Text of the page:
A welcome return to an in-person Convocation

Students cheered in support of their classmates, waved pom-poms, performed the wave and dressed in their class colors. Seniors wore regalia topped with red hats, berets and boas in honor of the red pegasi.

By Christian Feuerstein

On August 29, cheers rang out from the Gettell Amphitheater and Pageant Green during the first in-person Convocation since the beginning of the COVID-19 pandemic. 

This year’s Convocation was a joyous return to the enthusiasm and exuberance that normally happens at the inaugural event of the academic year. Students shouted in support of their classmates, waved pom-poms, performed the wave and dressed in their class colors. Seniors wore regalia topped with red hats, berets and boas in honor of the red pegasi. 

Accommodations were made to the ceremony in light of safety concerns around the delta variant. In addition to complying with a vaccination mandate, all attendees wore masks, with students wearing masks in their class colors. The attendees’ seating was split between the Gettell Amphitheater and Pageant Green to better facilitate physical distancing. 

The Convocation speakers were united in their joy to see students back on campus in force and in stressing the twin values of resilience and hope. 

Rhynette Northcross Hurd ’71, member of the Board of Trustees, welcomed the community. “That word, ‘welcome,’ is especially significant, don’t you think?” she said. She noted that the word comes from the Old English phrase for a “wished-for guest.” 

“The class colors … form a beautiful rainbow,” she said from the podium. “The colors make a statement. We are like the miraculous arc of color that comes when the sun shines after a storm.” 

President Sonya Stephens centered her message around maintaining connections, even during this pandemic. She was recently given the book “Braiding Sweetgrass” by Robin Wall Kimmerer, a member of the Citizen Potawatomi Nation. The author’s great achievement, Stephens said, “is to show us that all of these emotions derive from love and ‘compel us to do something, to love more.’ Elsewhere, she has said that ‘when we’re looking at things we cherish falling apart, when inequities and injustices are so apparent, people are looking for another way that we can be living. We need interdependence rather than independence, and Indigenous knowledge has a message of valuing connection, especially to the humble.’”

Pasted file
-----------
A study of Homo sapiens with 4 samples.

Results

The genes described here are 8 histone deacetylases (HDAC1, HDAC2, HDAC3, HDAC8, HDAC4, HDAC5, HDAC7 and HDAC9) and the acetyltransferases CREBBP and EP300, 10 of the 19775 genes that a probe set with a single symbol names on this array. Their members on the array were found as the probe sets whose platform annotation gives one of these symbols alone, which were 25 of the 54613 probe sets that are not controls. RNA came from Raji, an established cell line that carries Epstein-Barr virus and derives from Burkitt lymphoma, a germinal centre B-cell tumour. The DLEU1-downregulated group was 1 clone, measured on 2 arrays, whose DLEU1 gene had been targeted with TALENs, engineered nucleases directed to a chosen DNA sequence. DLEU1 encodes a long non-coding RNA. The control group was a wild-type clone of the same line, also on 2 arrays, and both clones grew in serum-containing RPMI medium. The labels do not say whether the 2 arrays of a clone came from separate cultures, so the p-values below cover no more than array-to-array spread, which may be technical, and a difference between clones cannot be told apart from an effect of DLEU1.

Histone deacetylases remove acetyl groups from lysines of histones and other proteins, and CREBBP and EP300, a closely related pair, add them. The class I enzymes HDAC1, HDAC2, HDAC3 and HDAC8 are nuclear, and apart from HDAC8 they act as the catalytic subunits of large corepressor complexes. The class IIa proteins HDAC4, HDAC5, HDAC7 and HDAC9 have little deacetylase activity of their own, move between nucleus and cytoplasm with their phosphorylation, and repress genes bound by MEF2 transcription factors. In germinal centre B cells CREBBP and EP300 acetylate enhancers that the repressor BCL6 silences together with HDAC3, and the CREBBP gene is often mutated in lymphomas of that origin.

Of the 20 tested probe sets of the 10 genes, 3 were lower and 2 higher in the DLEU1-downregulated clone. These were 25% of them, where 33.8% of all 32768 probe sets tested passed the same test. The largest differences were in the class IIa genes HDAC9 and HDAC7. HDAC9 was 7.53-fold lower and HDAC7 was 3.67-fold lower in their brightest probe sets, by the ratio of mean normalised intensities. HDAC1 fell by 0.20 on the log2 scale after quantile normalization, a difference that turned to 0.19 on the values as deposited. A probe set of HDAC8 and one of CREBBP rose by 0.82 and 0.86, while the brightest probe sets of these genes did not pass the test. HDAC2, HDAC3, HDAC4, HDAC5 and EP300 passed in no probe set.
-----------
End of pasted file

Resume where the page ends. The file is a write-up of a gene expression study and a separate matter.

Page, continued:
Amber Douglas, Dean of the College, talked about her first days at Mount Holyoke. “I was kind of terrified,” she said, upon walking into her first seminar. But, she recounted, she was greeted by a group of seniors who were welcoming and smiling and had great questions. 

“At Mount Holyoke, you are going to meet some of the best people in the world,” she said. “That commitment to doing better, to showing up and trying to figure it out in community with one another, that is special about this place. 

“For me, Mount Holyoke is about connections. Your task is to find your people. You’re going to need to build your team,” Douglas said. “Make those connections. Try.”

Lydia Malone FP’13 addressed the student body “on behalf of the more than 1,000 staff and faculty at Mount Holyoke College. ... Here’s some advice that I didn’t follow when I was a student: slow it down. Enjoy it all,” she said. “I want you to try those new and scary things. … Do not, in the words of Mount Holyoke’s favorite movie [“Dirty Dancing”], put yourself in a corner.

“We will be here to cheer you on and pick you up every step of the way,” she said. 

Lasya Priya Rao Jarugumilli ’23, incoming president of the Student Government Association, was the last to speak before breaking for a picnic lunch on Skinner Green. 

“Seeing all your shining faces, dazzling outfits and lifted spirits fills me with so much gratitude and hope for the upcoming year,” she said. “That’s what makes the Mount Holyoke experience — the conversations. You can learn so much — kindness, faith, vulnerability, perseverance and, my favorite, radical hope.”